If football is synonymous with war, then Happy Valley is college football's ground zero.
It is here - nestled among the Commonwealth's mixture of mountains and valleys - that Joe Paterno has erected a football republic of Spartan fortitude, capturing two national titles and notching five perfect seasons. In State College, Pa., they canonize their field generals like America lauds its military generals and churn out linebackers ferocious enough to send tremors through George Patton.
Forget football's metaphorical association with war: Penn State football is war.
At least it was ... until Sept. 23 of last year, when all that changed.
On that day, 18-year-old Adam Taliaferro - a Nittany Lion freshman cornerback - lowered his head to deliver the most mundane of tackles.
Weighing 183 pounds, Taliaferro obeyed instinct and coaching when zeroing in on Ohio State's Jerry Westbrooks - a 231-pound runner. Instead of clashing with him straight on, Taliaferro cut his legs out from under him.
Predictably, Westbrooks spilled to the turf. Shockingly, Taliaferro snapped his neck in the process.
Paralysis resulted, and even after spinal fusion surgery fastened the neck nerves back together, the prognosis for recovering substantial feeling in his legs maxed out at 10 percent.
A lifetime spinning a wheelchair appeared inevitable.
A walker? Miraculous.
Eleven months later, Adam Taliaferro walks to class every day, drives his car to the grocery store and hopes to resume jogging soon.
At this time last year, we were all left wondering if he could resume living.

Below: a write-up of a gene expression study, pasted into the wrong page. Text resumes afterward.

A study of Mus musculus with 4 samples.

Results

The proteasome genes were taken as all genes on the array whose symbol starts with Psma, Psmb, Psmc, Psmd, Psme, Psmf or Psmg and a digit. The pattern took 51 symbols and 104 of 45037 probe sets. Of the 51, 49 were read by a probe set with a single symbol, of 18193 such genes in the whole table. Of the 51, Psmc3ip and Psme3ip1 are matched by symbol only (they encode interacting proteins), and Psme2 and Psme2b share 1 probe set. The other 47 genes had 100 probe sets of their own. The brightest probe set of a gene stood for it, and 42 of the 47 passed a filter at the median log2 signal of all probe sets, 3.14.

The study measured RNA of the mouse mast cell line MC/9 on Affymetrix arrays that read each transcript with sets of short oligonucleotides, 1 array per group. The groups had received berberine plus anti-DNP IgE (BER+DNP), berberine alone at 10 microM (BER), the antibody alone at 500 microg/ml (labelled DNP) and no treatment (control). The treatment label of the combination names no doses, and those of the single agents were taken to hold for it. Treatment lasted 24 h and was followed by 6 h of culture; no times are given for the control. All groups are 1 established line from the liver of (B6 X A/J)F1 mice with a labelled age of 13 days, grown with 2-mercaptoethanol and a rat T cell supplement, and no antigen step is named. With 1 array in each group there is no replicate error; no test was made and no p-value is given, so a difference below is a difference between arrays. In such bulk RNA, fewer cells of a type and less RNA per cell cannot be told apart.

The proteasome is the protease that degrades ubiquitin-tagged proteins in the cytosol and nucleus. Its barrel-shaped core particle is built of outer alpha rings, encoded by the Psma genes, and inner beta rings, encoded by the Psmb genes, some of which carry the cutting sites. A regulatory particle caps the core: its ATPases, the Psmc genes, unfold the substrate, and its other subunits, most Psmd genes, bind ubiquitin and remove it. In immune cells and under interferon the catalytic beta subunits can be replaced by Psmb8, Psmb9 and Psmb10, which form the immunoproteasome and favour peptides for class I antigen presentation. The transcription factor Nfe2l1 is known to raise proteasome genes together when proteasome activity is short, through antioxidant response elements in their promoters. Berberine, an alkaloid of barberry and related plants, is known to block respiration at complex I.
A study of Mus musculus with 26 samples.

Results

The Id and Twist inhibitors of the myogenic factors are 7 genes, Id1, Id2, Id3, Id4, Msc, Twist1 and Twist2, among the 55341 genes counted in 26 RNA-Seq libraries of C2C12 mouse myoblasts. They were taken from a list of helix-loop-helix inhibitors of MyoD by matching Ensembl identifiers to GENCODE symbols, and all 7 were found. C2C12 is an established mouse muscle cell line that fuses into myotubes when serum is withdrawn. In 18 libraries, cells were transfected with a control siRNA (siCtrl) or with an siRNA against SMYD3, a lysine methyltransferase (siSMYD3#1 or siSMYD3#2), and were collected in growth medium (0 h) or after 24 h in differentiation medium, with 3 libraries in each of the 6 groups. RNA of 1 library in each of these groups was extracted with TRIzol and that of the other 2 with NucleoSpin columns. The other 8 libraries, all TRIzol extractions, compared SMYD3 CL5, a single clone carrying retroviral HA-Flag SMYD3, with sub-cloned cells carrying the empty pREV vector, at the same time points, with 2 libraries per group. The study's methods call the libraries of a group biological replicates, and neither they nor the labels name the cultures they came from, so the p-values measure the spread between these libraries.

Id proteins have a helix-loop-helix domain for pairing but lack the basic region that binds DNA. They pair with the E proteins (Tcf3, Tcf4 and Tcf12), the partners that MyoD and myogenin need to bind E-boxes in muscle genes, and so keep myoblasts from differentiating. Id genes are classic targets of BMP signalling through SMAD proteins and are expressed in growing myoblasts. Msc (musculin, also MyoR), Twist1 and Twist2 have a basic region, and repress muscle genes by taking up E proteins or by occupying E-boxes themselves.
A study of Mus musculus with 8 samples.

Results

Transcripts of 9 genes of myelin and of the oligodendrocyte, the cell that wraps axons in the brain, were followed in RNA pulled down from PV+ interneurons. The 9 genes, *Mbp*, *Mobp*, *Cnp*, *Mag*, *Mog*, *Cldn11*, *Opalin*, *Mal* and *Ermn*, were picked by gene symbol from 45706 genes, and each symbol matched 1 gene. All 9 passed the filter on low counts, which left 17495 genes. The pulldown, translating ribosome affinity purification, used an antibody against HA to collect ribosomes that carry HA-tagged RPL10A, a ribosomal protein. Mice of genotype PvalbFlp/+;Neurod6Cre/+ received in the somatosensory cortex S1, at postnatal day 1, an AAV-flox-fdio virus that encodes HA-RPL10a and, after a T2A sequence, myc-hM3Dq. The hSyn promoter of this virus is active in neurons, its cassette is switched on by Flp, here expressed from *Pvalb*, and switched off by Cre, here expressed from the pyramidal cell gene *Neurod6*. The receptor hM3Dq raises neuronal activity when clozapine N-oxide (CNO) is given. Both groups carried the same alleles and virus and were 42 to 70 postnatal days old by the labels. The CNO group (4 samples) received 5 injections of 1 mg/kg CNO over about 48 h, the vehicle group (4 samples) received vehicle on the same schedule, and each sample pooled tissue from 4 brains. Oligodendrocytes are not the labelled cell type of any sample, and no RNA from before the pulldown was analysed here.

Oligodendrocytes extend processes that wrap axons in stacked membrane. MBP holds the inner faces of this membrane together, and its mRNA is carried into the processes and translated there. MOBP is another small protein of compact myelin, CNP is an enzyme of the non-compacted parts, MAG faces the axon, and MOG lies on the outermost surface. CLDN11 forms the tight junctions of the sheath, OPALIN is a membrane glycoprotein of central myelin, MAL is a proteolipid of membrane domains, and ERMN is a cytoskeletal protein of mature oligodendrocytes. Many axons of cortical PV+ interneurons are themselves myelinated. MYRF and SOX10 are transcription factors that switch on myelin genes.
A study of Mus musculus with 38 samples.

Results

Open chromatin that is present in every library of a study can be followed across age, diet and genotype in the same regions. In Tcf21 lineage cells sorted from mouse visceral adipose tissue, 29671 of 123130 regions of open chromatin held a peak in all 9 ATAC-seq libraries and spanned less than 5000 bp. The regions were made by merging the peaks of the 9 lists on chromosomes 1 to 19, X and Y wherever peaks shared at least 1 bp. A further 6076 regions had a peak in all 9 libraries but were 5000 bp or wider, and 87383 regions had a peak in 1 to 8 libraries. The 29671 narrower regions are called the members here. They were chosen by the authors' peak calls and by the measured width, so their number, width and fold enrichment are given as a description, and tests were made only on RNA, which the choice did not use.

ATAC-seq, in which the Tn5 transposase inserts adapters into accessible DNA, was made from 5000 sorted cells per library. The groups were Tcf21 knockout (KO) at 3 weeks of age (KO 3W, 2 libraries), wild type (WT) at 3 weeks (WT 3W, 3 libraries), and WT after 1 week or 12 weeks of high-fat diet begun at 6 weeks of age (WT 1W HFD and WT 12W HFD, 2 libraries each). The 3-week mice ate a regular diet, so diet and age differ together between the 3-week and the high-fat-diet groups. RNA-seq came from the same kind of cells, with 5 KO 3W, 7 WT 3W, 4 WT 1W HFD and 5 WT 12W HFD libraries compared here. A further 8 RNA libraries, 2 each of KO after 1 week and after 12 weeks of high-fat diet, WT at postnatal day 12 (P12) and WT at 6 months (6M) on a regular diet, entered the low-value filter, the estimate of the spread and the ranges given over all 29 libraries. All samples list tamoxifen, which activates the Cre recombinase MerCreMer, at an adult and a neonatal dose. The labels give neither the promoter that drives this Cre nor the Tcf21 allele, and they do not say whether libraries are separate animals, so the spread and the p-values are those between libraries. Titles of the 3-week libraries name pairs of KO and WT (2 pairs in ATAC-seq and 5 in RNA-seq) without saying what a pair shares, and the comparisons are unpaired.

Taliaferro's tragedy sent shock waves through the football community - they hit hardest in the sport's sacred land, squarely in the heart of the game's foremost ambassador.
After his club's spirited upset of Purdue the very week after Taliaferro's injury, Paterno shed his normally stoic demeanor. Tears dripping beneath his ubiquitous black shades, Joe Pa looked directly into a television camera and said, "We're cheering for you, kid."
In dorm rooms and homes across the country, we cheered with him. Eleven days ago, we roared our approval when - in a moment for which medicine offers no explanation - Taliaferro led his teammates out of the tunnel and onto the field for their opener with Miami.
To this day, Taliaferro asks "why me?" not about the shattered spine that ended his football career, but about his one-in-a-million comeback.
Washington safety Curtis Williams suffered a similar impairment last year, yet he remains paralyzed from the neck down. Former Mississippi defensive back Chucky Mullins not only lost use of his limbs in a violent collision, but two years later died from a blood clot in his lungs because of complications from the spinal trauma.
Taliaferro's gait barely shows a hitch.
"I'm blessed," he admits.
His father puts it another way: "Divine intervention."
Thursday night, the ageless Paterno will direct his troops into battle against Virginia. Though Taliaferro won't be in attendance, his story will reverberate throughout Scott Stadium as a joyful reminder that football can still be a game without being a war; an opposing wide receiver need not be lambasted on a crossing pattern to elicit cheers; and together we can celebrate humanity in the form of Taliaferro.
That's how they think in Happy Valley these days. It wasn't always this way. Penn State formerly featured a legion of Lion lovers as blood curdling and manic as they come.
That is, until Adam Taliaferro offered up an olive branch.